AReCO in the News
Source: Journal & Topics Newspapers
Date: January 12, 2005
Copyright 2005 Journal & Topics Newspapers
Expansion Opponents May Take Legal Steps
The Alliance of Residents Concerning O'Hare is considering legal action as a contingency plan to prevent O'Hare Airport Expansion, according to member Jack Saporito.
Citing concerns that the FAA would likely approve the expansion to promote aviation, group members say that federal courts could trump any FAA decision.
"The Federal Aviation Administration's (FAA) Record of Decision (ROD) is not the last process to protect the public from the huge Chicago-O'Hare land grab and taxpayer rip-off," the group reported in a statement. "It has been reported that the FAA's ROD is the final word in the airport expansion process, it is not; the federal
Courts have the final say."
Saporito said he believes that legal action would not be necessary if the public is educated on the environmental effects of airport pollution.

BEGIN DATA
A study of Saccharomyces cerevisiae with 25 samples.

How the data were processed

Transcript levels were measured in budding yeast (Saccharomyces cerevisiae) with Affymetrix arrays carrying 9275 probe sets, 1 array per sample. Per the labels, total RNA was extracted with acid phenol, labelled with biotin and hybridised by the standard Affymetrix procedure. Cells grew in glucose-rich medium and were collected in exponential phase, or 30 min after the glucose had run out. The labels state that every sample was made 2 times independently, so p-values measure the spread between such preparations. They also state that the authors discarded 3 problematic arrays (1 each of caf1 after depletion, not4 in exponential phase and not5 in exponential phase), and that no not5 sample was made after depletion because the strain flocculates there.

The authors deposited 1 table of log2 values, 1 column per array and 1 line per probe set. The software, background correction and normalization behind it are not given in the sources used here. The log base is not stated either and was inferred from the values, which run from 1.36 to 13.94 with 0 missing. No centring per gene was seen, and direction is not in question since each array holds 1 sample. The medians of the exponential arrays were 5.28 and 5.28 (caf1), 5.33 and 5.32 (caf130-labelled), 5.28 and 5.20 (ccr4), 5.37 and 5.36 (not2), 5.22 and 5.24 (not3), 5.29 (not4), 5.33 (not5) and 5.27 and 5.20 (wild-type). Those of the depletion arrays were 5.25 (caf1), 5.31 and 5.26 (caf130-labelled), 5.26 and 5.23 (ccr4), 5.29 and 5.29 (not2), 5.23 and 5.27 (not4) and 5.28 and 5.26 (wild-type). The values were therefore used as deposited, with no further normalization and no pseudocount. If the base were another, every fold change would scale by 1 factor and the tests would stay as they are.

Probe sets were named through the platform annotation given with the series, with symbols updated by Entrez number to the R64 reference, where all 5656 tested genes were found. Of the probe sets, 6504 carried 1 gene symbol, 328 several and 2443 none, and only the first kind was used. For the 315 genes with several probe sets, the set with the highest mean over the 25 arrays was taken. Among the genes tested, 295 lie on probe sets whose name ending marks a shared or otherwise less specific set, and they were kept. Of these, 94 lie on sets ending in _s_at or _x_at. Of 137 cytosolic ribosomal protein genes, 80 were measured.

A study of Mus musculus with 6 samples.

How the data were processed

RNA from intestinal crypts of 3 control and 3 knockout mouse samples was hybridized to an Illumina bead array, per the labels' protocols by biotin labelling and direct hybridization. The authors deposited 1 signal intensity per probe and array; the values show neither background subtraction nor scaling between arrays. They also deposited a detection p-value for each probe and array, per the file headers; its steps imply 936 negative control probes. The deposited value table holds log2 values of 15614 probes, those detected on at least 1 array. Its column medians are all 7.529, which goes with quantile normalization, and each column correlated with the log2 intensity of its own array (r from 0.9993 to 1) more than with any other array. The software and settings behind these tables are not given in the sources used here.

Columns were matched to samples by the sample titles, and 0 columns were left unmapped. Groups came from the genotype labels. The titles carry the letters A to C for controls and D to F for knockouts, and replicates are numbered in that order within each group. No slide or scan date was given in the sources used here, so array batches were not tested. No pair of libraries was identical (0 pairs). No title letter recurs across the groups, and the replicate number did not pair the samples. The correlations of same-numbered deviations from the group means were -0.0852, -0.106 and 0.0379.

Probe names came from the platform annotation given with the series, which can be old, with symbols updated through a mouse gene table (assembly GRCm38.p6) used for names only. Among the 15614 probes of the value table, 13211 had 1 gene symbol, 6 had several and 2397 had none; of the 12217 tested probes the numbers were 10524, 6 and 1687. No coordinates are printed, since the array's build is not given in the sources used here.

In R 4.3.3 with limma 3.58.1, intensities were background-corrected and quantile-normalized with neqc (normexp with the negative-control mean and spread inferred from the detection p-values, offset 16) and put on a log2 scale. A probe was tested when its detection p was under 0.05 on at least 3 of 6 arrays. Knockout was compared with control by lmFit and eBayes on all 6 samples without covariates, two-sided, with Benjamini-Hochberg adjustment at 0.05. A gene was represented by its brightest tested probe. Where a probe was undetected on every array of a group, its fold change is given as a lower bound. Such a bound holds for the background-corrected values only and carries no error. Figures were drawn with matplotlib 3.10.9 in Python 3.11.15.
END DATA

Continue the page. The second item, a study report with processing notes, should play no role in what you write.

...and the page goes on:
"Once the public is aware of all the problems, there would be such an uprising, I am certain the expansion would die," Saporito said.
The O'Hare Modernization Program would reconfigure the airport's intersecting runways to reduce delays and increase airfield capacity. The plan also proposes a new western terminal facility with more airline gates and parking. According to the city of Chicago, no taxpayer money would be used to fund the program, and fundraising would come out of passenger facility charges, general airport revenue bonds and federal airport improvement program funds. The total cost of the program is projected to be $6.7 billion, a figure that Saporito says is drastically understated.
If the FAA approves the plan as it stands, the airport would attempt to acquire 433 additional acres in Chicago, Des Plaines, Elk Grove Village, and the village of Bensenville. Chicago has stated goals of acquiring property through voluntary negotiations with property owners, but the city can use the right of "eminent domain" to oust property owners under Illinois statute.
The airport submitted its Final Airport Layout Plan to the FAA in October 2003, and an Environmental Impact Statement conducted by the FAA is also underway.
Saporito said alternatives to airport expansion could include a Dept. of Transportation study on total transportation needs, a reinstatement of operational management controls used prior to 2000, and a heavier reliance on other airports to handle transfer traffic. Saporito's long-term solutions include a world class high-speed rail system connected to the airport, as well as cleaner-burning jet engines.